5 Reasons I Love The Question Why

Posted by Josh Patrick

askingwhy2I believe why is the most important question to ask in any circumstance you might find yourself in.  Thinking about leaving your job?  Ask why.  What about moving to a different town?  Why is a good place to start.  How about starting a business?  Why can either give you a reason to or not to start your business.

I’ve written a lot about using why and where it can help you move forward.  I keep coming back to this topic because it is a question that needs to be answered but rarely is.

Why will focus you on whether your idea is good or bad.

This is the main reason I promote the use of why with everyone I work with.  If you don’t ask why, you have a good chance of chasing down rabbit holes that don’t provide value.  If you learn to ask why about everything you do, you’ll make less mistakes and have more focus.

Why will help you decide whether you should take a first step towards any decision.  Make sure that when you ask why, you go at least five questions deep.  This means that asking why once doesn’t cut it.  You’re going to have to ask why on answers you give yourself at least five times.  This will give you an answer you can do something with.

You’ll get to learn a lot when you ask why.

The more you ask why the better and faster you’re going to learn about yourself and your decision process.  You’ll start to think about what works for you in making your life better.

Asking why is as much about learning as it is about making a decision.  If you learn what your motivations are you can stop wasting time thinking about things that won’t work.  The reason Toyota asks why five times is because it helps them focus more quickly on what they think will work.  Do you think this could help you in your life?

Why can provide motivation when it’s answered well.

When you ask why five times you’ll reach a core reason for doing something.  Motivation is always an internally generated activity.  You can’t be motivated from the outside, you have to motivate yourself.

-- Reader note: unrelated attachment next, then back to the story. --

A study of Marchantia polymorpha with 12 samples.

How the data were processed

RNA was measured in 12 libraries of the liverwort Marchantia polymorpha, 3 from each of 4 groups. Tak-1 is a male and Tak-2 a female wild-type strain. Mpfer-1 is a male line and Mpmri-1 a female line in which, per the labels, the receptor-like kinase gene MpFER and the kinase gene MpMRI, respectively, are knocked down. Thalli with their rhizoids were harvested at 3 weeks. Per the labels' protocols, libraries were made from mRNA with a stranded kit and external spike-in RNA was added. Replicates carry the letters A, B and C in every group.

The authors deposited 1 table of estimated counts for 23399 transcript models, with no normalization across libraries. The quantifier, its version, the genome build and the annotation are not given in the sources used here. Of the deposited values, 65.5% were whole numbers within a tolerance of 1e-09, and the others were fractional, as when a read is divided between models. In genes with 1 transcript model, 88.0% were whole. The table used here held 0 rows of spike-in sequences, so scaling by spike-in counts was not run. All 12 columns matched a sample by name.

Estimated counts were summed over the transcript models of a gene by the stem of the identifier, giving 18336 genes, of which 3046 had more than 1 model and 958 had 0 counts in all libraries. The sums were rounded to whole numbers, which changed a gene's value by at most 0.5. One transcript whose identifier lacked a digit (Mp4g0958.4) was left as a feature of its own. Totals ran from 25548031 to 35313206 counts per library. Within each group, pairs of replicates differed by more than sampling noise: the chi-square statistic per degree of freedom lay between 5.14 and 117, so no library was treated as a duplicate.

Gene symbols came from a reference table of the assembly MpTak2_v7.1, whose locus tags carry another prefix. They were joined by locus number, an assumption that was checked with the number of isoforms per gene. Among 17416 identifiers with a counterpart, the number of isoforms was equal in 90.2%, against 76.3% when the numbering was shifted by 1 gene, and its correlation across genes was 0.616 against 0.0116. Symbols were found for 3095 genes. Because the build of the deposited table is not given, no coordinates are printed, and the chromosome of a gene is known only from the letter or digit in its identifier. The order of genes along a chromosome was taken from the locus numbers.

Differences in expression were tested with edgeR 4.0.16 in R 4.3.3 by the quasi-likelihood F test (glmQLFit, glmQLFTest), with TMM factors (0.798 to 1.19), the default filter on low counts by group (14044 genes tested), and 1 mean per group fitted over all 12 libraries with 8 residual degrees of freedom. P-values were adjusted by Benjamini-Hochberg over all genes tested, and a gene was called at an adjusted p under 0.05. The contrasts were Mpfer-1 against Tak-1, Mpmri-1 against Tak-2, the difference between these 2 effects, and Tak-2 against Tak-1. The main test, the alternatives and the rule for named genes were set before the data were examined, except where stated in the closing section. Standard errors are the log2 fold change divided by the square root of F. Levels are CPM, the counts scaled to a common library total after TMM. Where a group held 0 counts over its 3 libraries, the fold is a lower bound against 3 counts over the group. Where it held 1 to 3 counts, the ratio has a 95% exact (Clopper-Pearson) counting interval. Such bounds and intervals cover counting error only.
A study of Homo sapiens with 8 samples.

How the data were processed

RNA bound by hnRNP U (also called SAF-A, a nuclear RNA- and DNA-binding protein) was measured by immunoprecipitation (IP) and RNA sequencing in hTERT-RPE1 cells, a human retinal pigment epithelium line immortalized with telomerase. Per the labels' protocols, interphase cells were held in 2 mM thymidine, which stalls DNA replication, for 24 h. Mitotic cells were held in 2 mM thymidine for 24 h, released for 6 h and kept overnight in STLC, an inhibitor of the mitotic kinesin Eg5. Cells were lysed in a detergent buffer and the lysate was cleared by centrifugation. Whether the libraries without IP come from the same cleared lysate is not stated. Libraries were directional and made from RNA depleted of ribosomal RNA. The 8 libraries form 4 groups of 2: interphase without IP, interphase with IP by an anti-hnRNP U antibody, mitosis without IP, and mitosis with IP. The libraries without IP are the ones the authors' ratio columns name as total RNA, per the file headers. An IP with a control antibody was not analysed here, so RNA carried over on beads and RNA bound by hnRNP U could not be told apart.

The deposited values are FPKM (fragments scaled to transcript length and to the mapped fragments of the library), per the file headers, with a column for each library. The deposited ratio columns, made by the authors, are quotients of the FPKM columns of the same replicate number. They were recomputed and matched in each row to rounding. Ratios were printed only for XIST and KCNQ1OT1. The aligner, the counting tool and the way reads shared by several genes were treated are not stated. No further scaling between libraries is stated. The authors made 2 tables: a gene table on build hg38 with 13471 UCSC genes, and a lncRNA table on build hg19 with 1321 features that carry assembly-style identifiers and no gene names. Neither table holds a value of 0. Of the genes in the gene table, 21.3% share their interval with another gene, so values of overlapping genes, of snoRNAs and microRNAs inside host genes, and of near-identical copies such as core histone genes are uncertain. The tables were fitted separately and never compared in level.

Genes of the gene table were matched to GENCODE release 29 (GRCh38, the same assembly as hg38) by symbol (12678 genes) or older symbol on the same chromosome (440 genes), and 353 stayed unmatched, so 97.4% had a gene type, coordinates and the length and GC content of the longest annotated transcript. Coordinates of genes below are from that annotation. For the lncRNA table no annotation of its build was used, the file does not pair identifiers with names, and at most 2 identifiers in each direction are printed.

When you have a core reason for doing something motivation will come from within.  You’ll know why it’s important for you to move forward.  You will probably be willing to move outside your comfort zone.  Think back for a minute.  When was the last time you moved out of your comfort zone?  I bet it was when you had a really good reason for doing so.  I bet there was a why answer in there someplace that helped.

Why can help you gain clarity in what you want to do.

Back in the early 80’s I took a new age seminar where one of the sayings was, “clarity = power.”  That was a great saying.  There was only one problem.  I never really did figure out how to get clarity until I stumbled upon the importance of the word why.

If I understand why something is important, I will gain clarity of why the action I’m thinking about is important.  With that clarity I can lead with conviction.  I can lead myself and others in a direction that will make my life and probably other lives better.

Why can help you keep everyone on the same page.

If you have a great reason for why you want to do something you can communicate that reason to others.  You’ll find that other people will either opt in enthusiastically or decide what you want to do doesn’t work for them.  For me, either answer is just fine.  I only want people on my team who are enthusiastically going to support where I’m going.

What about you?  Are you now convinced that why just might be the missing question in your life?  I can tell you that getting into the habit of asking why has helped me make better decisions in much less time.  For me that has great value.  What about for you?

I find that budgeting is often one of the most hated activities in many companies.  If you shorten your budget process and integrate why into your thought process you’ll likely get a budget that is easier to put together and has more value.  I’ve written a white paper on what I call 4 Tiered Budgeting.  To get this special report, click on the button below.


Securities and Investment Advisory Services offered through NFP Securities, Inc. (NFPSI), Member FINRA/SIPC. Stage 2 Planning Partners and NFPSI are not affiliated.